The opinion of the court was delivered by: BRUCHHAUSEN
Mrs. Helen Fishman petitions for review of an order of Hon. Sherman D. Warner, Referee in Bankruptcy, dated August 6, 1963, declaring a chattel mortgage null and void as against the trustee.
In the proceeding before the Referee, the trustee in bankruptcy contended that the chattel mortgage was null and void as against the trustee in that the delay between the dates of delivery of the mortgage and its filing in the record office was unreasonable and therefore not within the time, contemplated by the statute. After full hearing, the Referee ruled that the chattel mortgage was invalid as to the trustee upon the ground that it was not filed in the proper record office and further that there was an unreasonable delay in the filing thereof.
Upon the argument, and in his brief, the trustee relied solely upon the second ground to sustain his position.
The issue is whether the mortgage was delivered on May 13, 1959, the date of its filing or several weeks prior thereto.
On April 23, 1959, the petitioner, Mrs. Fishman, claims that she loaned to Raymond Service, Inc., since adjudicated a bankrupt, the sum of $ 20,000. An agreement was entered into between Mrs. Fishman and the said corporation, dated April 29, 1959. It recites the making of the loan and that it was evidenced by a promissory note. The corporation thereby assigned to Mrs. Fishman its accounts receivable as security for the loan. No reference to a chattel mortgage is made in the agreement.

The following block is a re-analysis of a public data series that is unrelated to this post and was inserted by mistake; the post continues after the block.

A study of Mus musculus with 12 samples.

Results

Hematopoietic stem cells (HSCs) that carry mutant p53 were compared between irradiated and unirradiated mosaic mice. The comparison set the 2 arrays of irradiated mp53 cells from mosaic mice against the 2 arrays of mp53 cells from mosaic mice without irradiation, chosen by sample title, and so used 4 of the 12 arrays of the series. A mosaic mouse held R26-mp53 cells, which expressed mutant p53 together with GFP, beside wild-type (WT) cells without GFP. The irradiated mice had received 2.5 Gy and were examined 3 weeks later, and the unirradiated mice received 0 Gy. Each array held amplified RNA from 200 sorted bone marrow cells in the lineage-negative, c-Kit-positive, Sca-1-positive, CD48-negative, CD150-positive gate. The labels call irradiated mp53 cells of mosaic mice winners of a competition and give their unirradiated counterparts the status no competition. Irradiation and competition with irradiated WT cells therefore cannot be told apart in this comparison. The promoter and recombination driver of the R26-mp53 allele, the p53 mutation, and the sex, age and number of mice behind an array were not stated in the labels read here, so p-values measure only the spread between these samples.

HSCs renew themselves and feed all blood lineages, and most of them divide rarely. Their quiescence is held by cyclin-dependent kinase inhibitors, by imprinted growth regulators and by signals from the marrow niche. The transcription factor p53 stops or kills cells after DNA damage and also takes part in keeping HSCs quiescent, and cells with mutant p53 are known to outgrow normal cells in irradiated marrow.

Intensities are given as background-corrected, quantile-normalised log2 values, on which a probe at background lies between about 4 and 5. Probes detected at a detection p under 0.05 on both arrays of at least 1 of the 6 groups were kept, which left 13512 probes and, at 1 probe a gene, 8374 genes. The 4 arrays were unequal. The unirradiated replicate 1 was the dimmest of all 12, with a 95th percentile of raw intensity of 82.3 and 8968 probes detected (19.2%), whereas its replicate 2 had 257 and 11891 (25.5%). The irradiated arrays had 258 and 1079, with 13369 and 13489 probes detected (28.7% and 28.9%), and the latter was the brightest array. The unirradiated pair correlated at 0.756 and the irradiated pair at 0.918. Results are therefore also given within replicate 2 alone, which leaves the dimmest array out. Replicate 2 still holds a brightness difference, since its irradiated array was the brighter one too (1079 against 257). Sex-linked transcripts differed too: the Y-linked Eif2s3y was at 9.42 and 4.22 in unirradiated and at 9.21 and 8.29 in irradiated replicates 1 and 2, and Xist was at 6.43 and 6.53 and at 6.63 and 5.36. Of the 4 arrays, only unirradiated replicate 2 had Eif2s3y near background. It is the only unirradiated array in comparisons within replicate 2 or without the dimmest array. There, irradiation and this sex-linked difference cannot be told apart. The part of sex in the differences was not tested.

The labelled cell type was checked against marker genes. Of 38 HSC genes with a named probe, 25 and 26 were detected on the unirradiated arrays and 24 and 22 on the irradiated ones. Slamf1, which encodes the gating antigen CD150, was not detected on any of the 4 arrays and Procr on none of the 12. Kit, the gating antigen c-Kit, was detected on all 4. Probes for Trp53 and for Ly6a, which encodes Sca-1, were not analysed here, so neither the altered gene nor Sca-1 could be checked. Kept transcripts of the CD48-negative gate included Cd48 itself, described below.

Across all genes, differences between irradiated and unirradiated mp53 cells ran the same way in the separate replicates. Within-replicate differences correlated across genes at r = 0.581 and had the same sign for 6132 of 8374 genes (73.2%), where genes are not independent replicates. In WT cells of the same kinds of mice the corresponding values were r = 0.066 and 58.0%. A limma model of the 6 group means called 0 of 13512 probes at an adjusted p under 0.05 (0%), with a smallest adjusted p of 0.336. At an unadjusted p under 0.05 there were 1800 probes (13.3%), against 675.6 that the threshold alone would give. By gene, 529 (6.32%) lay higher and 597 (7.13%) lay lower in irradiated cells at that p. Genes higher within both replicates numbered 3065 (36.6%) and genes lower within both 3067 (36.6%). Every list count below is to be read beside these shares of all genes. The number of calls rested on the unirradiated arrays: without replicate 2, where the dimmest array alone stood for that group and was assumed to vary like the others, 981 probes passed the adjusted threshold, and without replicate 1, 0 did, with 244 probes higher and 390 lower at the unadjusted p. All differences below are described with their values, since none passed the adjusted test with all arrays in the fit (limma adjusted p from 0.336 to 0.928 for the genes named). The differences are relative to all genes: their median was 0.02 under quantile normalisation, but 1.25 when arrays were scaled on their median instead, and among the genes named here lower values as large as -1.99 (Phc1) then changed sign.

At the hearing before the Referee, the chattel mortgage was produced by the trustee and marked in evidence. It was initialled by both parties. It was dated April 27, 1959, signed by the mortgagee, acknowledged on April 29, 1959 and filed in the Queens County Register's Office on May 13, 1959.
Mrs. Fishman was an interested witness. If she could establish that the mortgage was not delivered until its filing date, May 13, 1959, it would be valid as against the creditors, represented by the trustee. She testified that on the said date the mortgagor's representative handed her the Register's receipt for the filing, not the mortgage itself. Even if true, this would not constitute delivery. Her contention that she never saw the mortgage contradicts her admission on cross-examination that she placed her initials in the left-hand margin of the first page of the document. The instrument likewise contains the initials of the mortgagor's representative. It was the province of the trier of the facts, the Referee, to appraise the credibility of the witness in adjudicating the issue. In accordance with General Order 47 his findings must be accepted unless they are erroneous or the result of plain mistake; In re Slocum, 22 F.2d 282, Cir. 2. Under all of the circumstances, the Referee would have justification in concluding that the mortgage was delivered on April 27, 1959, the date thereof, which was sixteen days prior to the recording date.
It is settled law that in the absence of proof showing non-delivery of a document there is a presumption that the same was delivered on the day it bore date. Robinson v. Wheeler, 25 N.Y. 252; Purdy v. Coar, 109 N.Y. 448, 17 N.E. 352.
'The New York Lien Law makes chattel mortgages which have not been filed as provided therein void as against creditors of the mortgagor and subsequent good faith purchasers and mortgagees for value, but specifies no time for filing, §§ 230, 232. The New York Courts hold that filing must be within a reasonable time after execution of the instrument. Tooker v. Siegel-Cooper Co., 1909, 194 N.Y. 442, 87 N.E. 773.'
The findings and order of the Referee are confirmed. Settle order on notice.